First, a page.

Physicians Urge Removal of Prior Authorization Barriers, Adherence to Parity Laws
The American Medical Association (AMA) adopted policy at its Annual Meeting to ensure that patients with substance use disorders receive evidence-based treatment - whether that treatment is in clinics, drug treatment facilities, hospitals, correctional settings or the physician's office.
"The AMA wants all physicians to be leaders in the fight against the opioid epidemic," said AMA President-elect Patrice A. Harris, M.D., chair of the AMA Opioid Task Force. "This means they must fight to end stigma surrounding substance use disorder and medication assisted treatment (MAT), which has been shown to decrease overdose mortality, reduce transmission of infectious disease, and reduce general health care expenditures."
The AMA urges removing administrative barriers to MAT, including prior authorization that causes delays or denials of care. The AMA also urges enforcement of mental health and substance use disorder parity laws. Only 10 percent of patients with a substance use disorder receive the necessary treatment, and the AMA urges all stakeholders to help reduce these barriers.
The AMA has extensive policy, backed by the work of the AMA Opioid Task Force, to help end the opioid epidemic. The AMA website, endtheopioidepidemic.org, offers nearly 400 resources and educational material for physicians on a wide range of issues including prescribing opioids appropriately, starting patients on MAT, using naloxone and safe storage and disposal of opioids.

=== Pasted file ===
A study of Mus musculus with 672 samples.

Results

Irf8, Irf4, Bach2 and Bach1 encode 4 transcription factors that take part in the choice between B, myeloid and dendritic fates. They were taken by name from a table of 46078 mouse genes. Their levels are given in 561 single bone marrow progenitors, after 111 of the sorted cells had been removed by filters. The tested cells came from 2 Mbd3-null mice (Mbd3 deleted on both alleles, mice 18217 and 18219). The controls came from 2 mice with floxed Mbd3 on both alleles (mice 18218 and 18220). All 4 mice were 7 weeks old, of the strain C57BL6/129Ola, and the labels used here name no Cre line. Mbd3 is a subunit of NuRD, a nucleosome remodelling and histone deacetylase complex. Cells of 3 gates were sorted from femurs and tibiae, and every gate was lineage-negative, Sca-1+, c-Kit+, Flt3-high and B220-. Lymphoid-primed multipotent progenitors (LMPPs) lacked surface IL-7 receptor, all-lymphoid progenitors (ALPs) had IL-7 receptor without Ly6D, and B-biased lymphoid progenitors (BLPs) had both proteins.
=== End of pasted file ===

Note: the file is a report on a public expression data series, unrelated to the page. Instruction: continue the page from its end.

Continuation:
Delegates approved the following policies that directed the AMA to:
- Advocate for legislation to ensure that patients have access to all FDA-approved medications or therapies in all settings such as drug treatment clinics or facilities. It also called for a public campaign to increase awareness that medical treatment of substance use disorder with MAT is a first-line treatment for this chronic medical disease. MAT is an evidence-based treatment that is effective and should be available as part of any treatment for substance use disorder.
- Work with the American Hospital Association and other relevant organizations to identify best practices to treat opioid use disorder as a chronic disease. The groups will identify patients with this condition; initiate or provide opioid agonist or partial agonist therapy in inpatient, obstetric and emergency department settings; provide cognitive and behavioral therapy as well as other counseling; establish appropriate discharge plans, including education about opioid use disorder; and participate in communitywide systems of care for patients and families affected by this chronic medical disease. It also called for the AMA to advocate for states to evaluate programs that have received government funding to assist physicians, hospitals and their communities to coordinate care for patients with opioid use disorder.
- Advocate for the expansion and improved access to evidence-based treatment for substance use disorders during pregnancy. The AMA has longstanding policy strongly supporting that pregnant women should not be penalized for having a chronic medical disease, including a substance use disorder. Delegates said the AMA should continue resisting efforts to criminalize substance use disorder by leveling criminal penalties or punitive measures against those with this chronic disease.
- Ensure medical students, physicians-in-training, and practicing physicians receive education on opioid prescribing. The policy calls for the AMA to develop opioid education resources in conjunction with the Association of American Medical Colleges, American Osteopathic Association, Commission on Osteopathic College Accreditation, Accreditation Council for Graduate Medical Education and other interested professional organizations.